Worrying News: AMR Rates Rising Since Pandemic Began
July 19, 2022
Antimicrobial resistance (AMR) is in the news again – and it’s not good. The Centers for Disease Control and Prevention (CDC) issued a special report, detailing that AMR rates rose in 2020, primarily due to the COVID-19 pandemic. This is worrisome, given the work that has gone into lowering AMR rates over the past several years.
Antimicrobial resistance is the ability for germs to resist antibiotic, antiviral, and antifungal medications. It has been named one of the top 10 global public health threats facing the world by the World Health Organization (WHO).
Why the Increase in AMR Rates?
According to the report, the problems started with an increase in antibiotic prescriptions. Many people with respiratory complications related to COVID-19 received antibiotics whether it was obvious they needed them or not. Almost 80% of patients admitted to the hospital with the virus got antibiotics.
Not only were more patients getting antibiotics, but they were also taking them for longer periods. The average time of antibiotic use before the pandemic was about 3.5 days. During the pandemic, this rose to 3.8 days overall. It was even longer – 5.7 days – if patients tested positive for SARS-CoV-2, the virus that causes COVID-19.
Several Possible Causes for Higher AMR Rates
A study reported in April found that all patients hospitalized since the start of the pandemic had higher AMR rates than those hospitalized before 2020, regardless of COVID-19 status. There isn’t one reason alone for the rise in drug-resistant infections. Causes include:
- Increased antibiotic use
- Less attention on infection prevention in healthcare facilities
- Increased numbers of patients susceptible to healthcare-acquired infections (HAIs)
It’s not unusual for a doctor to prescribe antibiotics to a patient based on symproms before doing a blood culture. This is a test that determines if there is an infection and what type. Pre-pandemic, over 17% of patients who weren’t cultured or had negative tests (no infection) received antibiotics for more than 72 hours. This rose to over 19% among all patients in 2020 and more than doubled to just over 41% when counting only patients with the virus.
The higher number of vulnerable patients who needed invasive devices and interventions like ventilators and urinary catheters also led to more infections. And infection prevention protocols in healthcare facilities often took a backseat due to staff and supply shortages.
Community Rates Dropped
Interestingly, as much as AMR cases rose in healthcare facilities, the number of cases in the community dropped. The CDC credits less spread of respiratory illnesses that could lead to pneumonia and other infections, due to:
- Wearing masks
- Social distancing
- Avoiding crowded spaces
- Fewer people seeking care in clinics and doctors’ offices, limiting virus exposure even more
“These new data highlight the importance of closely monitoring the impact of COVID-19 on antimicrobial resistance rates,” said Karri Bauer, PharmD, from Merck Sharp & Dohme, in a press release. “It is particularly worrying that antibiotic resistance has been rising during the pandemic in both SARS-CoV-2 positive and negative patients. Hospital-acquired infections are a major concern, with antimicrobial resistance rates significantly higher during the pandemic than before.” Bauer conducted the study with Vikas Gupta, PharmD, director of Medical Affairs at Becton, Dickinson and Company.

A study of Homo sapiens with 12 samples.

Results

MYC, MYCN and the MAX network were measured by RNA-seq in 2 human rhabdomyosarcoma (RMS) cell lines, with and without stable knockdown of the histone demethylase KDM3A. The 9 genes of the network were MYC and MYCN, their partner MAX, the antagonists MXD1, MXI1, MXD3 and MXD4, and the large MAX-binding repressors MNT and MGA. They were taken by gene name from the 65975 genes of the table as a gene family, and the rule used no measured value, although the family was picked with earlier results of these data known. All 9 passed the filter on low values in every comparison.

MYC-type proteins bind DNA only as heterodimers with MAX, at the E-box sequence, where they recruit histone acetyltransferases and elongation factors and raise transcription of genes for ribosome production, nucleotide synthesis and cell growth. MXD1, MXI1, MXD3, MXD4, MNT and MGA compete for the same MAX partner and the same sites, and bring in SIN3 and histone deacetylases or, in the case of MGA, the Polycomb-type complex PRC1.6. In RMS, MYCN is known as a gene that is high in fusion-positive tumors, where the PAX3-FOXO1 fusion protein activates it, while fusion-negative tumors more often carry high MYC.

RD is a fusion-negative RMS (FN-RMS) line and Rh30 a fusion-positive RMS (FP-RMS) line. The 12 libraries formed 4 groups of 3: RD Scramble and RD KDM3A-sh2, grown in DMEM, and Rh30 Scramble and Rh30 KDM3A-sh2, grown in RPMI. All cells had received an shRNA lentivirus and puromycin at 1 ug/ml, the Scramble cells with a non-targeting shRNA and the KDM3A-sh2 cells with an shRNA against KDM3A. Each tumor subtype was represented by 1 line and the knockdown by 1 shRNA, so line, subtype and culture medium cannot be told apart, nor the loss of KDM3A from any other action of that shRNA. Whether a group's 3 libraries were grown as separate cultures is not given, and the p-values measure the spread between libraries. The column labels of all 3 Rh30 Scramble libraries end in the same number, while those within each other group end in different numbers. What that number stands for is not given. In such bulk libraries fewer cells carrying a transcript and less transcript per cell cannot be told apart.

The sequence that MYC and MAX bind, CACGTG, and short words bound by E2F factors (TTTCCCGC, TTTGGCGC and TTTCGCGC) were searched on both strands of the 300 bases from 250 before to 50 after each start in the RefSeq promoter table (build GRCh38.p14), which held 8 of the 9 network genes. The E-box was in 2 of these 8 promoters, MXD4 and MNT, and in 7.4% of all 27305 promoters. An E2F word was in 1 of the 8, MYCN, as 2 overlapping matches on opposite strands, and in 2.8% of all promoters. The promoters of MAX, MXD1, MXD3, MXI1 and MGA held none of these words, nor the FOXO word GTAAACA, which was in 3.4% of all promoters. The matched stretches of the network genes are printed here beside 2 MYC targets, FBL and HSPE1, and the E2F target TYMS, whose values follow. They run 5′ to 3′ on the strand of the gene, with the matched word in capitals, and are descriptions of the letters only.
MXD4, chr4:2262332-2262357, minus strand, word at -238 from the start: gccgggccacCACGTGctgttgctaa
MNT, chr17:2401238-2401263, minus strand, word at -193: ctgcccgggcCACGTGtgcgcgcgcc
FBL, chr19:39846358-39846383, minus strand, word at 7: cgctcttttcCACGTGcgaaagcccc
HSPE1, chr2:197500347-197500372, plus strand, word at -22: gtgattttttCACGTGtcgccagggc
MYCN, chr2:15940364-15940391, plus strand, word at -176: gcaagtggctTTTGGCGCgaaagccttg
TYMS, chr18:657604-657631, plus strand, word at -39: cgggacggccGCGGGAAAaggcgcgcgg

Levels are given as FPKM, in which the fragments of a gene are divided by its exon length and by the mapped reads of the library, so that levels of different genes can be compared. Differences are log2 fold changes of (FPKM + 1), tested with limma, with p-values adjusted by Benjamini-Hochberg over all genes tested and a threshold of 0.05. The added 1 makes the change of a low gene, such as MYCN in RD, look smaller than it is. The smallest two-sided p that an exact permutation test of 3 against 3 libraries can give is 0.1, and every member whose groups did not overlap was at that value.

You Can Help Reduce AMR Rates
Everyone has a role to play in stopping the rise of more “superbugs,” microbes that are antimicrobial resistant. Bacteria are the most common organisms that develop drug resistance, mainly driven by antibiotic overuse.
The first step is to follow infection prevention practices on your own. Wash your hands frequently and thoroughly, avoid sick people, and get recommended vaccines. If you become ill anyway, you can still help reduce AMR rates.
Antibiotics kill or stop bacteria from reproducing or spreading. They do not have any effect on viral infections. If a viral infection goes away while you take antibiotics, the virus ran its course – it’s not because of the drugs. Finally, don’t insist on an antibiotic if your doctor or nurse practitioner tells you that you don’t need one.
If you have an infection, take your medications as prescribed for the whole period, even if you feel better. Speak with your doctor if you experience side effects and you need to stop taking the medication. Don’t just stop on your own.
Infections caused by resistant germs are much more difficult to treat and there is fear that some may eventually not be treatable at all. These infections can quickly lead to sepsis, a life-threatening response to any type of infection. As more infections become more difficult to treat, sepsis cases will rise.
You can learn more about Sepsis Alliance’s efforts to reduce the incidence of superbugs at Power The AMRevolution, a national initiative to educate people about the risks of AMR and steps people can take to end superbugs.